The Broadcasters' Desktop Resource

Belden 9451 vs Studio Hub

Bob Burnham author

[February 2024] Wiring components and consoles into a studio system is a different animal today than when you had to use one of those old “Christmas Tree” terminations. Often, though, you do have a choice of how to proceed, depending upon what products and their age/connections are available.

Over the years, I have been tasked with wiring and building many studios – sometimes many under one roof.

We bought many consoles from AudioArts/Wheatstone and Radio Systems for the Specs Howard School of Broadcasting/Media Arts in Southfield, Michigan. They were both excellent products with different design philosophies. My experience in wiring the consoles in the studios was enjoyable in that I learned of a new way to do the work, and developed preferences – which I will share – and reasons why.

Coming from a traditional broadcast background, for all analog wiring, I used Belden 9451.


I built and renovated 20+ studios for the Specs Howard School.

Then I learned of the concept of using Cat 5 for audio. Who could go wrong? Four twisted pairs in one jacket!

Dan Braverman of Radio Systems hosted a seminar introducing his line of StudioHub products at a Michigan Association of Broadcasters convention. The technical specs even looked good, and you could order the STP version (shielded twisted pair) of cabling if required, and it also worked for AES digital.

StudioHub included a variety of adapters and gadgets that allowed XLRs, ¼”, and the other most popular connectors in professional installations to use Cat 5 cabling more easily. The idea was to enable IT installers to wire broadcast studios since, in case you have not heard, there is a shortage of broadcast engineers.

Angry Audio now offers the Studio Hub product line, but does that force us to use them?  I also have a fondness for Krone punchblocks for a full-blown installation, which seem to primarily only be available on eBay.


I ordered one Radio Systems console with RJ-45 connections and wired it entirely with Studio Hub adapters without active terminations.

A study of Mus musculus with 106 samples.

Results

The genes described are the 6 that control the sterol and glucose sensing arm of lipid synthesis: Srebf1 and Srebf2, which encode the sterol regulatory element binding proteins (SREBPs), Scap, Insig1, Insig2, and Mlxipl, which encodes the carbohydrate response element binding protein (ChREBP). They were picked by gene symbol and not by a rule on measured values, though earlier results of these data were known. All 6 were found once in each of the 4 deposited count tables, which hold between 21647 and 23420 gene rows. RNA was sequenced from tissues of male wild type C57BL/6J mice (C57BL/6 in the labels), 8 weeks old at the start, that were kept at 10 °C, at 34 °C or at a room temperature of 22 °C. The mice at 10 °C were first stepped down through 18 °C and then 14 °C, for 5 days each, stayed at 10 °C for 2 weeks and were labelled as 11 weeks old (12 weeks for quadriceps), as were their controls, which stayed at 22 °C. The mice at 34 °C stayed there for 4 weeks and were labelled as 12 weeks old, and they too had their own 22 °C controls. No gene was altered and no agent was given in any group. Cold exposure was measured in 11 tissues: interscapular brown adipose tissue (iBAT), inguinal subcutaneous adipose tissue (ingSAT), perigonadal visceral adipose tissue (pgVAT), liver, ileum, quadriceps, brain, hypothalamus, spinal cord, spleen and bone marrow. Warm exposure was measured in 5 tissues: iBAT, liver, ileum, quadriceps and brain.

RJ45 adaptors with a Radio Systems console

When I wired that one StudioHub studio, I did not save any time, but keeping all my Cat 5 connections passive was a good thing.

In the meantime, console manufacturers like Arrakis and AudioArts seem to have accepted the RJ-45 as their standard interface, at least for some of their boards.

One of the dirty little secrets of StudioHub is they used “unused pairs” in the Cat 5 to carry supply Voltages to the various interface boxes. It was a good idea at the time, but if the installing engineer did not leave documentation, you might not know which connectors carry both audio and supply voltage.

If you unknowingly plug a StudioHub cable directly into a piece of equipment without that knowledge, you can and will damage or destroy the equipment, inserting 12 Volts DC or whatever into a place it does not belong.

That in itself is not the real problem if you just test every unknown cable.


The real problem is one which plagues all equipment and connectors:  Oxidation and age – and StudioHub adapters are not immune.

Angry Audio now offers the StudioHub product line, but does that force us to use them?  No.

For a full-blown installation, I also have a fondness for Krone punch blocks, which these days, seem to primarily be available only on eBay.

A radio station Studio Hub

What I did for an installation at the Star International Academy, a local charter school’s new station was to order a bunch of standard Cat 5 cables, cut them in half, then punch the cut ends to a Krone block. From the block to the source equipment, I used standard Belden audio cable.

There must be a better way in an existing studio, right ?

There is.

HALF AND HALF offers RJ-45 adapters which terminate with euroblock style connectors.

RJ45 adaptors

Depending on your Angry Audio vendor, they are about 1/4th or 1/5th the cost of the equivalent StudioHub product and take up less space. There are also no flexible cables involved.

If you have a studio that has not had major renovations for many years but had used StudioHub, this is a good alternative approach.


If you want to keep the existing technology, you still can go to the Angry Audio StudioHub page.

Or, if you want – or need – to save on the budget, you can always use one of the two alternate methods described. Search for some Krone blocks or check out the euroblock connectors.